1905 - 1986
Selman Selmanagić (b. 1905 in Srebrenica – d. 1986 in Berlin) is the only student from the former Kingdom of Yugoslavia who completed his architecture studies entirely at Bauhaus and graduated there (1929-1932). His diploma has been preserved and bears the signature of famous professor Mies van der Rohe. Selmanagić was enrolled at Bauhaus in Dessau soon after its founder Walter Gropius had left, during the two-year headship of Hannes Meyer (1928-1930). It was the time in which the school was reorganized, with significant changes in the curriculum and various innovations in methodology related to work with students. However, in the introductory classes the influence of Walter Gropius could still be felt in terms of emphasis on research and experimentation. Exercises with Professor Albers at the Introductory Course had a great impact on Selmanagić’s ability of constructive thinking and spatial imagination, whereby the “final result would be learned rather than taught” (Albers).
Introductory Course had a great impact on Selmanagić’s ability of constructive thinking and spatial imagination, whereby the “final result would be learned rather than taught” (Albers)...
The period of Meyer's headship was directed at "exploring the life processes in the future users," which influenced the later work of Selman Selmanagić, as well as his socio-political engagement and convictions.
The focus in Albers’ exercises was on developing the so-called spatial structures, in which the interaction and interrelation between various materials, constructions, functions, and production technologies was to result in an optimum quality of the final product, with the minimum of costs regarding the material, energy, and time. These experiences would prove particularly valuable in Selmanagić’s later work as furniture designer for Deutsche Werkstätten in Dresden-Hellerau. The period of Meyer’s headship was directed at “exploring the life processes in the future users,” which influenced the later work of Selman Selmanagić, as well as his socio-political engagement and convictions.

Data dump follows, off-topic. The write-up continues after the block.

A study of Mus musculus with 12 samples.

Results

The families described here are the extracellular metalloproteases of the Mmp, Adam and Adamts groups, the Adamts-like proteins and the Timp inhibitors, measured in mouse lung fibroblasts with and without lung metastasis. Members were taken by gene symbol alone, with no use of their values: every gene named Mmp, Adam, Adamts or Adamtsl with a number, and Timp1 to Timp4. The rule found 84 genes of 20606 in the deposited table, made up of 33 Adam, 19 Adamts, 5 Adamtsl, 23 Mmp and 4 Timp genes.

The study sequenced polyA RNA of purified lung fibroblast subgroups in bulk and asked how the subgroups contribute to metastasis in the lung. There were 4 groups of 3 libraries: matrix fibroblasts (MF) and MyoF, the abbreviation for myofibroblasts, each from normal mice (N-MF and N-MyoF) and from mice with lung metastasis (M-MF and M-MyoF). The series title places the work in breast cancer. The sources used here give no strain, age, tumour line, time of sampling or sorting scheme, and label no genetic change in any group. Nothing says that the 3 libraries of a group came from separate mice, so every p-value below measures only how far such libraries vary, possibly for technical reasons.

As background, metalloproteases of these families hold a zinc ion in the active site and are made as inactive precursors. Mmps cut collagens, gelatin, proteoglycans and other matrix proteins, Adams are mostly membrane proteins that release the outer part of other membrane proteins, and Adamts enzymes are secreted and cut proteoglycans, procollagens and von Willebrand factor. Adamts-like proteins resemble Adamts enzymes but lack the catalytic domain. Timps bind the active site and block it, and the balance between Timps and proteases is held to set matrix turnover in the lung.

Meyer’s imperative of designing for the “needs of the people rather than the need of luxury” remained present at the time of Bauhaus’ last head, Mies van der Rohe, primarily through the activity of Professor Hilberseimer. At his seminar in Urban Planning, a student collective was created in which Selmanagić participated as well. Their project of designing a residential district for the workers of Junkers factory (Junkers-Siedlung, 1932) revived, in a way, the spirit of Meyer’s times and created an alternative to the highly aestheticized way of teaching architecture at the seminars of Mies van der Rohe.
In the 1930s, Selmanagić worked in Israel. His unrealized projects from that time include designs of various buildings in Belgrade and Zemun. After World War II, he participated in a team of architects in charge of the post-war restoration of Berlin (Planungskollektiv, 1945-1950) and developed a very successful career as a professor at Kunsthochschule Weißensee (East Berlin), where he taught from 1950 until 1970.